The burden and risk factors of Sexually Transmitted Infections and Reproductive Tract Infections among pregnant women in Zimbabwe
1 Department of Obstetrics and Gynaecology, University of Zimbabwe, Harare, Zimbabwe
2 Faculty of Medicine, University of Oslo, Oslo, Norway
3 Department of Community Medicine, University of Zimbabwe, Harare, Zimbabwe
4 Division of Obstetrics and Gynaecology, Rikshospitalet, University of Oslo, Oslo, Norway
BMC Infectious Diseases 2010, 10:127 doi:10.1186/1471-2334-10-127Published: 21 May 2010
Sexually transmitted infections (STIs) and Reproductive tract infections (RTIs) are responsible for high morbidity among women. We aim to quantify the magnitude of the burden and risk factors of STI/RTI s among pregnant women in Zimbabwe.
A cross sectional study of pregnant women enrolled at 36 weeks of gestation from the national PMTCT program. Study was conducted from three peri-urban clinics around Harare Zimbabwe offering maternal and child health services.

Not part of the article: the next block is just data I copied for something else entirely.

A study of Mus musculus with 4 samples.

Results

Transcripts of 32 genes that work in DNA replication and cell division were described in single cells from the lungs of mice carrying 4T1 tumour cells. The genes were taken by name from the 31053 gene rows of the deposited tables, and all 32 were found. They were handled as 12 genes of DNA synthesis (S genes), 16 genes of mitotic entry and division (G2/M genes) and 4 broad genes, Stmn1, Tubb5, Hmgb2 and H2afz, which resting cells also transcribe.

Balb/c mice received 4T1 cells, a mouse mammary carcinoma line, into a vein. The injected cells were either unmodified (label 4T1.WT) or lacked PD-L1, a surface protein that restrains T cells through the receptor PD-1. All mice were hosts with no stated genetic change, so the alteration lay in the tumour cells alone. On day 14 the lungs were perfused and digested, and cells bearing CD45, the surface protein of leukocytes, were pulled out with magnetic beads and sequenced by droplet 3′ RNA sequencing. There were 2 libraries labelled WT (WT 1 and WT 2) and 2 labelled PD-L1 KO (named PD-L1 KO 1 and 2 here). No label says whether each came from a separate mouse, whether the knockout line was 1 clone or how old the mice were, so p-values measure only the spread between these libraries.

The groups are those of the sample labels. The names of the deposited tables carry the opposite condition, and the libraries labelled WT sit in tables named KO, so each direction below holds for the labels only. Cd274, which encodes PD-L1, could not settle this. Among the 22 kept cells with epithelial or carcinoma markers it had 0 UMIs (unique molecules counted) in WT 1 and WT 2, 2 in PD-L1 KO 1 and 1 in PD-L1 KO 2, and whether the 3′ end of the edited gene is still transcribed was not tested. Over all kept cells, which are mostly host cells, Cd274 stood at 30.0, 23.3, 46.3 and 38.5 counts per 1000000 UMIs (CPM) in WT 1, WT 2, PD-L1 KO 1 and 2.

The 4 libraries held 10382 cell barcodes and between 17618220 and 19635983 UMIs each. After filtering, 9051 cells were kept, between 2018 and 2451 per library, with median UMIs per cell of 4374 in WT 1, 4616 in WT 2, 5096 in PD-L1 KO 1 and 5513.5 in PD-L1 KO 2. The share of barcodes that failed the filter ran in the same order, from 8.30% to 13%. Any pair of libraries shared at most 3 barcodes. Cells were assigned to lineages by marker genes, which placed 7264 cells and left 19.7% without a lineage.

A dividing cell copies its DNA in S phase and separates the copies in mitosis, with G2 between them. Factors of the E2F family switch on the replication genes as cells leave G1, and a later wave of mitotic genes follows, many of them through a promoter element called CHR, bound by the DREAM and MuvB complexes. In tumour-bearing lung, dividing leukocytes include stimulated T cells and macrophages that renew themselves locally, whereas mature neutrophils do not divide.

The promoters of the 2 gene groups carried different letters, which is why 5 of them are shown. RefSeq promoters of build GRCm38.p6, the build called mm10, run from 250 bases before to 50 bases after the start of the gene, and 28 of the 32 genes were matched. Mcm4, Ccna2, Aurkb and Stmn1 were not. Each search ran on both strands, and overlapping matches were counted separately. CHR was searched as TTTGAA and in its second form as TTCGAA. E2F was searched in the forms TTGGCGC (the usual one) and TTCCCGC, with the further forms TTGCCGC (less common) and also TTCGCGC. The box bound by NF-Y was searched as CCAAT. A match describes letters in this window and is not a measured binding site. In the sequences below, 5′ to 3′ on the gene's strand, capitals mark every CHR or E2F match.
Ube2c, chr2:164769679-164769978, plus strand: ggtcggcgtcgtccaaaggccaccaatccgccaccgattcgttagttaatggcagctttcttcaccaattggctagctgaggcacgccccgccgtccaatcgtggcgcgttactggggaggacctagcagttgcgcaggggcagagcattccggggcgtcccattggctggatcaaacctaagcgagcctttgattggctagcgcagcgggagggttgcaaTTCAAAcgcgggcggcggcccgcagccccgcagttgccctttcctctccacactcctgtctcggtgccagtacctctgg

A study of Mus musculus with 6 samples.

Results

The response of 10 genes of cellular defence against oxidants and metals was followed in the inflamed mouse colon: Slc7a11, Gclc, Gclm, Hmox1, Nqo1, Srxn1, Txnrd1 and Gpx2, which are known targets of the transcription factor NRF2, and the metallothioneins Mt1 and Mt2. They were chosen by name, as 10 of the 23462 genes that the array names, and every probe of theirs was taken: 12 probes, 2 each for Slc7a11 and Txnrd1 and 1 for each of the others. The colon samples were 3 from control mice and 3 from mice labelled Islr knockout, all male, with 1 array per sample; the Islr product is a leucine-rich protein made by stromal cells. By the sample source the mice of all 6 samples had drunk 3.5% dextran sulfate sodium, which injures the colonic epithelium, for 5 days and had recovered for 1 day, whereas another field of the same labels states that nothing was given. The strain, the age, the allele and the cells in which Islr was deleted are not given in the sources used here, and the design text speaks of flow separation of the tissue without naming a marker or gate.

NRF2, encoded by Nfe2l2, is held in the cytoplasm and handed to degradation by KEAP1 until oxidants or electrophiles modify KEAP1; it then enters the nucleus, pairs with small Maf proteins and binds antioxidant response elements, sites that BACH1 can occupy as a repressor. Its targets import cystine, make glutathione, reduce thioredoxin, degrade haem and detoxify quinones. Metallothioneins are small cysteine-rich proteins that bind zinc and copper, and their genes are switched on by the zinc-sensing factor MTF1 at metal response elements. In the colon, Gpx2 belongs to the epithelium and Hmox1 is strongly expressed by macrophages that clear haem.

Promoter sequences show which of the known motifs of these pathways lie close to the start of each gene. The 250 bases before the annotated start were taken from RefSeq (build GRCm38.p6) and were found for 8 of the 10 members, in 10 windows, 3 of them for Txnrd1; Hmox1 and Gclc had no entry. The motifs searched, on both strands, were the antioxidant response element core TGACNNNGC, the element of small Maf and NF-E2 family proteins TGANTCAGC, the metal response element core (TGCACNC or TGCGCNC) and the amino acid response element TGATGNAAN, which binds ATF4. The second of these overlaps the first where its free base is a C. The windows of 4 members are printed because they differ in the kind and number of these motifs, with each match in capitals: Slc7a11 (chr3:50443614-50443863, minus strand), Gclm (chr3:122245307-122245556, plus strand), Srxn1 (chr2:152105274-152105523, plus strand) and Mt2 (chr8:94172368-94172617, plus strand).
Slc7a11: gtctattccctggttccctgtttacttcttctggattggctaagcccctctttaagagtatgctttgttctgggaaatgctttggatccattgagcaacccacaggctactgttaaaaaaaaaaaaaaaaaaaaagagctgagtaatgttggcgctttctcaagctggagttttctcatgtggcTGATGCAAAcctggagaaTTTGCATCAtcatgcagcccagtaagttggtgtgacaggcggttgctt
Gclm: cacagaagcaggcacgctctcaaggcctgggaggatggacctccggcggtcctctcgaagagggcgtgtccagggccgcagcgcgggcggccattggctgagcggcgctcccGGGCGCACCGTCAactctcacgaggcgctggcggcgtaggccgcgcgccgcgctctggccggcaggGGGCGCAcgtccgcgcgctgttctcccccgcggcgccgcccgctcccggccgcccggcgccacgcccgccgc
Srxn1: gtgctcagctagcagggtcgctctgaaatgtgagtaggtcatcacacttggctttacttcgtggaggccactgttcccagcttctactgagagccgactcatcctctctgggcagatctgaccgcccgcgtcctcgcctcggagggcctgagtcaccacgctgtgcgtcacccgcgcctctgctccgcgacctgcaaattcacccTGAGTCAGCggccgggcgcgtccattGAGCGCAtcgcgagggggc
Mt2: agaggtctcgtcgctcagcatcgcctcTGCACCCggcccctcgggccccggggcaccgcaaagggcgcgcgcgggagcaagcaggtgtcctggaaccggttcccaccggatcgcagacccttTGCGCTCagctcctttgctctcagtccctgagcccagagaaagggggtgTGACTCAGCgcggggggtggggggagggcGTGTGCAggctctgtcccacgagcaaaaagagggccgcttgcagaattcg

A total of 691 pregnant women were enrolled. Prevalence of HSV was (51.1%), HIV (25.6%) syphilis (1.2%), Trichomonas vaginalis (11.8%), bacterial vaginosis (32.6%) and Candidiasis (39.9%). Seven percent of the women had genital warts, 3% had genital ulcers and 28% had an abnormal vaginal discharge. Prevalence of serological STIs and vaginal infections were 51% and 64% respectively.
Risk factors for a positive serologic STI were increasing age above 30 years, polygamy and multigravid; adjusted OR (95% CI) 2.61(1.49-4.59), 2.16(1.06-4.39), 3.89(1.27-11.98) respectively, partner taking alcohol and number of lifetime sexual partners. For vaginal infections it was age at sexual debut; OR (95% CI) 1.60(1.06-2.42). More than 25% of the women reported previous STI treatment. Fifty two percent reported ever use of condoms and 65% were on oral contraceptives. Mean age gap for sexual partners was 6.3 years older.
There is a high morbidity of STI/RTIs in this cohort. There is need to continuously screen, counsel, treat and monitor trends of STI/RTIs to assess if behaviour changes lead to reduction in infections and their sustainability.